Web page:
At last week's CABE/Observer urban regeneration conference, the government came under attack for underachieving. Lord Rogers, however, adopted an unusually supportive tone: "You have to give the government full marks," he said. "Urban renaissance is within our grasp." Is this to do with the fact that after two years in the political wilderness, Rogers is once more back in favour? Having reformed the Urban Task Force, he is once again working with his old mucker, John Prescott.
Only last year the architect was being written off as a spent force. Now, with his brother, Stanhope's Peter Rogers, the favourite to succeed Sir John Egan as head of the strategic forum, Lord Rogers is once again looking like one of the best-connected figures in the industry.
As usual, there was jargon aplenty at the conference, but I was tickled to hear of three new definitions coined by the speakers. "Partnership", according to RICS regeneration panel chair Nigel Smith, means "the suppression of mutual loathing in pursuit of a grant". Likewise, Smith uses "socially excluded" as new-age shorthand for "feckless troublemaker". And another speaker sardonically pointed out that the government's New Deal for Communities grant scheme for underprivileged estates might be alternatively named the New Deal for Consultants.
Keeping up with the Joans
Last Friday's launch party for the new Serpentine Pavilion was a glamorous affair on a balmy summer's evening in Hyde Park. For one attendee, however, the bash was rather run-of-the-mill. Architect David Adjaye, a fast-rising star, had the week before been invited to the party of the year – Sir Elton John's charity bash at his Windsor home. "Posh and Becks were there, Kylie was there …" Adjaye gushed excitedly. "And Joan Collins was there, dragging her latest toyboy around like a dog on a leash."
The royal prerogative
The Prince of Wales takes delight in his skirmishes with the architectural profession. He'll often slip in the odd off-the-cuff dig at architects.
For his speech on conservation at the launch of the Architectural Heritage Fund's Revive to Regenerate campaign, the prince had prepared a list of seven good reasons why historic buildings should be revived. Number six was a not-so-subtle potshot at hypocritical designers who foist modernist monstrosities on the general public. "Lots of architects like to live in these historic buildings," the prince announced. Ouch!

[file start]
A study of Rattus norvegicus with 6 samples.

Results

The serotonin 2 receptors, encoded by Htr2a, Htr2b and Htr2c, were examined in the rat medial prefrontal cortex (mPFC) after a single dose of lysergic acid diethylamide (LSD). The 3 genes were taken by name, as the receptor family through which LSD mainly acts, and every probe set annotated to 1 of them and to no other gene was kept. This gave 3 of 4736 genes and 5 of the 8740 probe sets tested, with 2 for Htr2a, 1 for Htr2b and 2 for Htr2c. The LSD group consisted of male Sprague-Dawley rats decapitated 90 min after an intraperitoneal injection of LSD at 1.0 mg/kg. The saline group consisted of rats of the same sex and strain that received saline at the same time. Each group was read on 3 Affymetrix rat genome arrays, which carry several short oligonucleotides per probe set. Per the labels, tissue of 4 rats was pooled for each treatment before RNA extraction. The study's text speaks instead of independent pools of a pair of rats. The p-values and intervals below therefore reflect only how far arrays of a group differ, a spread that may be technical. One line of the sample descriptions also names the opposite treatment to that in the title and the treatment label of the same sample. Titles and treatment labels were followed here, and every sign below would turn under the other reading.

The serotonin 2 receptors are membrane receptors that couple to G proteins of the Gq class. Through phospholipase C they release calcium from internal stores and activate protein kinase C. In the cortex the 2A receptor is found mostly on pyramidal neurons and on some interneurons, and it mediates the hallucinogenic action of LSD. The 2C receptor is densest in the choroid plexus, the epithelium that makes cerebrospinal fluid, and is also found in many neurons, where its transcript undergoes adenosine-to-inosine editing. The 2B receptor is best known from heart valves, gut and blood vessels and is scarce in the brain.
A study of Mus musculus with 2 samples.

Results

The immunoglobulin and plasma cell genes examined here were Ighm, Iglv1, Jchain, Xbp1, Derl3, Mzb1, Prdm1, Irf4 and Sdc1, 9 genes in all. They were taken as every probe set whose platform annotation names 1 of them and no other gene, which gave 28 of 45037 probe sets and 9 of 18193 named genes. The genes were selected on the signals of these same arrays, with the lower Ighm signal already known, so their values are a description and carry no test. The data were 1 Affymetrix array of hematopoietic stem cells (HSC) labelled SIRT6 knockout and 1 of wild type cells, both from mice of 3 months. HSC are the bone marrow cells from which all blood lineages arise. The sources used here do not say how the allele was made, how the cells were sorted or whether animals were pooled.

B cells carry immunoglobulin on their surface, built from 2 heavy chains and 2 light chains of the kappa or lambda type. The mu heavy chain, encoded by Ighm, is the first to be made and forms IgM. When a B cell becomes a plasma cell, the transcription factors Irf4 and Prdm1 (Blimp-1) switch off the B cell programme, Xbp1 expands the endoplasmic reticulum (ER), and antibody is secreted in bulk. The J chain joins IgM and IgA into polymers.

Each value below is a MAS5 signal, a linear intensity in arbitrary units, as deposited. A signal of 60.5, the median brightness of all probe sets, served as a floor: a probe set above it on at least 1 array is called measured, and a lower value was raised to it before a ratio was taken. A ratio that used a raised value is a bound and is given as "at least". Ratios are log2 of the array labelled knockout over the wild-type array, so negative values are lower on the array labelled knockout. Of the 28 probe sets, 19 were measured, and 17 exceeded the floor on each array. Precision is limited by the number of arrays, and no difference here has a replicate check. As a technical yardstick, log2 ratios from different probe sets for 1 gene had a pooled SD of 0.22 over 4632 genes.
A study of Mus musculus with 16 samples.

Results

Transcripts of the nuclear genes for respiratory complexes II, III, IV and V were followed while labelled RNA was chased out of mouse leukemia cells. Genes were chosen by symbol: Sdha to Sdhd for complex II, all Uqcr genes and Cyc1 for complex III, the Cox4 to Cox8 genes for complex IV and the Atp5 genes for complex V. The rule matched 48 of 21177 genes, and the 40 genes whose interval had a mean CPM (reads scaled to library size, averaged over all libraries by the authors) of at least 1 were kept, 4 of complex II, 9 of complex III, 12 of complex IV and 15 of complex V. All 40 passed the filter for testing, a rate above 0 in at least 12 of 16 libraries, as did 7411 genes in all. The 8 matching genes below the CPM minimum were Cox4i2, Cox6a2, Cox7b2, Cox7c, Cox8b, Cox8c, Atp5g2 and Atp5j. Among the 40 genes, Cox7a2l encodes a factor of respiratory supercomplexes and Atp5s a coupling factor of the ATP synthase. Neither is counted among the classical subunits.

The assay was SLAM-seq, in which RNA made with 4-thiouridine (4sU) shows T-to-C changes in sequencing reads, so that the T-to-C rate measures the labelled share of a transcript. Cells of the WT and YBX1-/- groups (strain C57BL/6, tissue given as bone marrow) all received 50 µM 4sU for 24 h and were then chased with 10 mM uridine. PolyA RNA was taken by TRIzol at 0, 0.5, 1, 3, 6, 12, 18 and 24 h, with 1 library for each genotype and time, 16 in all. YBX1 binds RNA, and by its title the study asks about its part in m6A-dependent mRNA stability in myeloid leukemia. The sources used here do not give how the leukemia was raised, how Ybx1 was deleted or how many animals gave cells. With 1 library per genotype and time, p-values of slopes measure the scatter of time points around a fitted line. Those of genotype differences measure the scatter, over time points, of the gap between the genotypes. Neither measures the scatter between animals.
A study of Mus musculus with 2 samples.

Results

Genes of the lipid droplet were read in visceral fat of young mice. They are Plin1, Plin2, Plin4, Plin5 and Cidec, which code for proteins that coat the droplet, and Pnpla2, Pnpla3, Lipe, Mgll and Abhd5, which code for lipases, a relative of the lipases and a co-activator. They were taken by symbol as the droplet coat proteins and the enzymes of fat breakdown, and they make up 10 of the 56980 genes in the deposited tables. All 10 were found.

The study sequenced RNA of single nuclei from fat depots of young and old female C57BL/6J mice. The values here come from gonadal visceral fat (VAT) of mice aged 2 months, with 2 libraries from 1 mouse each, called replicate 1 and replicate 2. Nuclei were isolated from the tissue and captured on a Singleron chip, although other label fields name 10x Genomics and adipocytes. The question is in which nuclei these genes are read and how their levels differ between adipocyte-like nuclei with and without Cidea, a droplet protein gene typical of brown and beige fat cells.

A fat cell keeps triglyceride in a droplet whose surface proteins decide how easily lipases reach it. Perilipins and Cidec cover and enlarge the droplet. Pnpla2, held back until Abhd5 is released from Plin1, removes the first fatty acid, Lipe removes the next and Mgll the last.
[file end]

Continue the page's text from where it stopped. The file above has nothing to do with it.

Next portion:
The jumbo job
Deryk Eke is about to return to BAA after a two-year secondment to government. As construction director of the Office of Government Commerce, he has been trying to introduce Egan principles into public procurement. Compared with that Herculean task, building airports will presumably seem a doddle – but what role will Eke take on back at BAA? Surely there's only one task big enough: Terminal 5, the largest building job in the country. The airport operator has still to replace former T5 chief Norman Haste, who is leaving to head up CrossRail. Watch this space …
Wates and subcontractor McKenna Demolition were in the dock last week for breaching health and safety regulations. After both firms pleaded guilty, the three glamorous female magistrates announced fines which, it emerged, were higher than the court was authorised to set. The magistrates retired briefly and returned with lower penalties. This was all too much for Richard McKenna, MD of the demolition firm, who had been representing himself during the trial. The shaven-headed, rotund wrecker muttered a phrase that shall not be repeated but was akin to something a white-van man might exclaim to a female driver exiting a roundabout.
Enough concrete, already
A colleague of mine was intrigued by one of the statistics highlighted on the hoarding at the redevelopment site of Birmingham's Bull Ring. The sign claimed that at least 90 km3 of concrete would be used on the project – enough to cover the whole of the country. I'm told this is a mistake and the sign should read 90,000 m3 – after all, the demolition of the Bull Ring was supposed to mean less concrete, not more.
A hanging offence
Glad to hear that Steve Elliott, managing director at Morgan Sindall fit-out arm Overbury (see also "The green green grass", below), is cracking down on safety violations on sites – rival firms' sites, that is. On his way to a lunch with one of my colleagues, Elliott spotted some dodgy antics at a Soho building project. Scaffold poles were swinging wildly above the footpath as scaffolders hoisted them onto the building on flimsy-looking ropes. An alarmed Elliott took down the details and phoned the Health and Safety Executive at once.